Best Tips For Improved Communication In The Workplace

Best Tips For Improved Communication In The Workplace
Best Tips For Improved Communication In The Workplace
Best Tips For Improved Communication In The Workplace

Communication is essential for all aspects of life, but especially at work. For most jobs, “good communication skills” are considered an essential skill that is needed to be able to perform effectively in the role. Communication is considered to be an exchange of information, which can be achieved through talking, the written word or another medium, and it can include the imparting of information. Importantly communication is not just the words that you impart. It also includes non-verbal indicators, the tone of voice, the intention of what is being said and what is not being said. Communication increases understanding, facilitates relationships and helps everything run more smoothly at work. Yet, communication can be challenging at work, and it is also often a major complaint that employees have about their workplace and/or managers: “Communication is terrible”, they say. With this in mind, here are some top tips for improved communication in the workplace. With these tips up your sleeve, you’ll be able to get things done and make a difference.

1. Listening, and Especially Active Listening

The important part of communication that many people forget all too easily, is that it is a two-way street. Listening, and in particular, active listening, are critical to a good communication process. No one wants to be in a conversation where the communication is one-way only. Listening helps to promote understanding, to better comprehend the situation, and to work collaboratively to find solutions to problems. Active listening involves really making an effort to understand, through asking questions, and paraphrasing back to the person who was communicating the message – this helps to confirm understanding. This allows for better responses to communicated messages, and better relationships too – as it shows you are taking the time to properly understand what is being communicated.

2. Clarity 

A key factor in being a good communicator is providing clarity to others. This means that you need to consider your audience and their capability of understanding your message when you are thinking about delivering it. The message may need to be adjusted so that it can be better understood by those it is meant for. The use of jargon typically works against clear communication, as not everyone will understand it. The choice of words and phrases is important in making sure that the message is understandable to others. Consider these points, and you will find you have better communication.

3. Consider what your body says 

Communication is not just in what is said. It is also in non-verbal cues, meaning what your body is doing and saying at the same time that you are imparting your message. A slouched body represents disinterest. Therefore if you are saying something and you want to show interest, it is better not to slouch, as you will be imparting a mixed message. Equally, crossed arms and legs indicate defensiveness and a lack of openness. Meanwhile, making eye contact is a good way to gain trust when you are communicating. It is well worth considering how body language might be sabotaging your messages, and improving in this area.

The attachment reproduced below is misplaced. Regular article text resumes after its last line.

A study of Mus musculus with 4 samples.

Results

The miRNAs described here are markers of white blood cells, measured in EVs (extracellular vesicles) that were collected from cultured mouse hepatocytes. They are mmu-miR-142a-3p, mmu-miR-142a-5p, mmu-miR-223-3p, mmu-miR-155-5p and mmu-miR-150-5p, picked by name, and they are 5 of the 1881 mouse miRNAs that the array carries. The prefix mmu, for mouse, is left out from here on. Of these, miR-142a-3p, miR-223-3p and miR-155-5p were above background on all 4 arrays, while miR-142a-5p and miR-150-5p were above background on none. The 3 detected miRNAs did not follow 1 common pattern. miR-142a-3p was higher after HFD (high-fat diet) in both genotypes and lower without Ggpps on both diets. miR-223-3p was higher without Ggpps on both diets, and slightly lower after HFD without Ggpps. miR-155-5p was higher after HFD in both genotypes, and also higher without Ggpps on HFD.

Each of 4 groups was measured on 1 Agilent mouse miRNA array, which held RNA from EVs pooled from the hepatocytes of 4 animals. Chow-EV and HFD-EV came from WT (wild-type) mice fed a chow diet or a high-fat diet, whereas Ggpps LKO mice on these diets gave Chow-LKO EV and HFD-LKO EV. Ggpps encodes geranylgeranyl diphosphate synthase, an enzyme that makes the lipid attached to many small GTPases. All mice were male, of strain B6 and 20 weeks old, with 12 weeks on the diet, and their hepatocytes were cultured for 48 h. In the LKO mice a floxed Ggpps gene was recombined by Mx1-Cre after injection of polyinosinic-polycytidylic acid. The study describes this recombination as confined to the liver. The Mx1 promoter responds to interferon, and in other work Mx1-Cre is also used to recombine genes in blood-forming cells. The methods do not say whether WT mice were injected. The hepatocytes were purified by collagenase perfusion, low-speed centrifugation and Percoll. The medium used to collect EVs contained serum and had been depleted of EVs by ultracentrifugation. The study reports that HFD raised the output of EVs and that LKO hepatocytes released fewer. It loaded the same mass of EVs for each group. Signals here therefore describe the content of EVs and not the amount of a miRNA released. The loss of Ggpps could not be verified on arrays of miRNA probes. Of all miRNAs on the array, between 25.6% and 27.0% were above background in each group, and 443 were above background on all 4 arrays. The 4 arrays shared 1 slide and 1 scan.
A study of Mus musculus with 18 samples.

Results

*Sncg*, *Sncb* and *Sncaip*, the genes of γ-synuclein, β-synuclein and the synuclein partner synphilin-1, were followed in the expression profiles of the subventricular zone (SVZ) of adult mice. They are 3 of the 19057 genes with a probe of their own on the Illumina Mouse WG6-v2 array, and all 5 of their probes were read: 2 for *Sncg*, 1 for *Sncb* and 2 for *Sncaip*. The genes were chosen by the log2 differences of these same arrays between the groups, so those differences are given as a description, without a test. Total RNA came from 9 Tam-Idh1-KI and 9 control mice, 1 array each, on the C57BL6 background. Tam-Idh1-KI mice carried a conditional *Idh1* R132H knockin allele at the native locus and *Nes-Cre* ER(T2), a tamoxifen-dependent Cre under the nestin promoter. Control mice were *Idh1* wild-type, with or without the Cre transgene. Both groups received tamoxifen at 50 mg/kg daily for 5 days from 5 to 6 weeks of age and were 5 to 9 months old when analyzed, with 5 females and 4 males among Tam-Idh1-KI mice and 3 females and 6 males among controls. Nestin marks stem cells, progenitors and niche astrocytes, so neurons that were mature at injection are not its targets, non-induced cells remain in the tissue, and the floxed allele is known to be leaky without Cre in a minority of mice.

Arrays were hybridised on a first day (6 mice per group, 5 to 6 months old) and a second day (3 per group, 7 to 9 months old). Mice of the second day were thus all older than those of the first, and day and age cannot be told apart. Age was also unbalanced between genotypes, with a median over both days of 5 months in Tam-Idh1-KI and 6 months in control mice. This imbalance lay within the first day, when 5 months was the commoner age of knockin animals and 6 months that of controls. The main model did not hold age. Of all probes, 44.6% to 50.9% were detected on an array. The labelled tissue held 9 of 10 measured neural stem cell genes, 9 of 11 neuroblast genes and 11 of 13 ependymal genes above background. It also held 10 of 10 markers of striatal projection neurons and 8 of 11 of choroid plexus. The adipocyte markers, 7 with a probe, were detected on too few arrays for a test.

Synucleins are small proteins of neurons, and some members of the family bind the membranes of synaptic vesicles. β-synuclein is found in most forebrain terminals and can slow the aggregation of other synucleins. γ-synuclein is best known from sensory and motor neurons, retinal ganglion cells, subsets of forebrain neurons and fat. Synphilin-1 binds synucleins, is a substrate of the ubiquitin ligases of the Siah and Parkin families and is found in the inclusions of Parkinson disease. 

4. Demonstrating Empathy 

You won’t always agree with everyone all the time – that is a given with communication. But what you can do, to help in communicating a difficult message, is to show empathy – that is demonstrating that you really understand where the other person is coming from, and you know why they feel that way. Though you may not concur with them, showing empathy helps with building respect and rapport in communications with others.

5. The devil is in the detail 

There are many aspects of communication that can help improve how a message is imparted and received, and considering these small details can be very helpful in achieving effective communication. For example, telling an individual they are going to be fired in front of a group of others is inappropriate – rather, drawing that person aside and talking with them individually is better – it will increase respect both from the individual and the team. While this is an extreme example, it makes an important point. Communicating bad news last thing on a Friday to a team is convenient for you, but will lose respect and support for doing so. Timings and the medium of communication must be considered for it to be effective.

Adopt these communication tips in your working life, and you’ll find you build better rapport and relationships with others, facilitating a better working environment.